April 19, 2005
Cardinal Joseph Ratzinger of Germany, a longtime guardian of doctrinal orthodoxy, was elected the new pope Tuesday evening in the first conclave of the new millennium. He chose the name Pope Benedict XVI.
Ratzinger, the first German pope in centuries, served John Paul II since 1981 as head of the Congregation for the Doctrine of the Faith. In that position, he has disciplined church dissidents and upheld church policy against attempts by liberals for reforms. He turned 78 on Saturday.
White smoke poured from a chimney at the Vatican and bells tolled on Tuesday evening, announcing to the world that a new pope was elected in the first papal conclave of the new millennium.
Crowds in St. Peter's Square chanted: "Viva il Papa!" or "Long live the pope!"
"It's only been 24 hours, surprising how fast he was elected," Vatican Radio said, commenting on how the new pope was chosen on the conclave's second day.
It's not unprecedented, reports CBS News Correspondent John Roberts. The shortest papal election of the past century was two days and three ballots in 1939 when Pope Pius XII was elected.
"What we do know based on past experiences is that someone early on gained a great deal of momentum and won on the fourth ballot," said CBS News Analyst Father Paul Robichaud.
More pilgrims poured into St. Peter's Square, and the bells kept ringing 10 minutes after the original tolling. Pilgrims said the rosary as they awaited the name of the new pope, and prelates stood on the roof of the Apostolic Palace, watching as the crowd nearly doubled.
The bells rang at 6:04 p.m. (12:04 p.m. EDT) ending confusion over the smoke signal that had risen from the chimney of the Sistine Chapel. White smoke is used to announce the election of a new pope, along with the ringing of bells, which was added for this conclave.
The world awaited the formal announcement of the new pope, to be made on the balcony of St. Peter's Basilica by Chilean Cardinal Jorge Arturo Medina Estivez.
Niels Hendrich, a 40-year-old salesman from Hamburg, Germany, jumped up and down with joy and called his father on a cell phone. "Habemus papam!" he shouted into the phone, using the Latin for: "We have a pope."
Antoinette Hastings, from Kent Island, Md., rose from her wheelchair, grasping her hands together and crying. She has artificial knees, making it tough to stand.
"I feel blessed, absolutely blessed," she said. "I just wish the rest of my family were here to experience this with me."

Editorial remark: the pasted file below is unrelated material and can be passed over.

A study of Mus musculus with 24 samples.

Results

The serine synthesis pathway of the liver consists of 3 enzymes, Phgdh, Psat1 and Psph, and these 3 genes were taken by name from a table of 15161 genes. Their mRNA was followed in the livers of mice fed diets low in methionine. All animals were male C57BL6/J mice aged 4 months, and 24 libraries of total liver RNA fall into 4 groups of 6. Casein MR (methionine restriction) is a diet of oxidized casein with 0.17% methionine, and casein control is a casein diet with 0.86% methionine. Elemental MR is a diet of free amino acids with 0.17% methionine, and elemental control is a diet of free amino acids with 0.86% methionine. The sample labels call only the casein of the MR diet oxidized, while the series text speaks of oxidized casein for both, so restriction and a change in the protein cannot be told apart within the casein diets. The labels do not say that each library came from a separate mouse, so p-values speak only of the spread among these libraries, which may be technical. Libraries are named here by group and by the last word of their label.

The 265th pontiff of the Roman Catholic Church succeeds John Paul II, who died April 2 at age 84 after gaining extraordinary popularity over a 26-year pontificate, history's third-longest papacy. Millions mourned him around the world in a tribute to his charisma.
Cardinals had faced a choice over whether to seek an older, skilled administrator who could serve as a "transitional" pope while the church absorbs John Paul's legacy, or a younger dynamic pastor and communicator — perhaps from Latin America or elsewhere in the developing world where the church is growing.
While John Paul, a Pole, was elected to challenge the communist system in place in Eastern Europe in 1978, the new pontiff faces new issues: the need for dialogue with Islam, the divisions between the wealthy north and the poor south as well as problems within his own church.
These include the priest sex-abuse scandals that have cost the church millions in settlements in the United States and elsewhere; coping with a chronic shortage of priests and nuns in the West; and halting the stream of people leaving a church indifferent to teachings they no longer find relevant.
Under John Paul, the church's central authority grew, often to dismay of bishops and rank-and-file Catholics around the world.
Even though John Paul appointed all but two of the men who elected the new pope, it was no guarantee that the new man would necessarily be in his mold.
Pope John XXIII was 77 when he was elected pope in 1958 and viewed as a transitional figure, but he called the Second Vatican Council that revolutionized the church from within and opened up its dialogue with non-Catholics.
The new pope will have to decide whether to keep up the kind of foreign travel that was a hallmark of John Paul's papacy, with his 104 pilgrimages abroad.
The new man may be locked into one foreign trip — the mid-August Catholic youth day gathering in Cologne, Germany. John Paul had agreed to visit and organizers have already spent millions of dollars in preparations.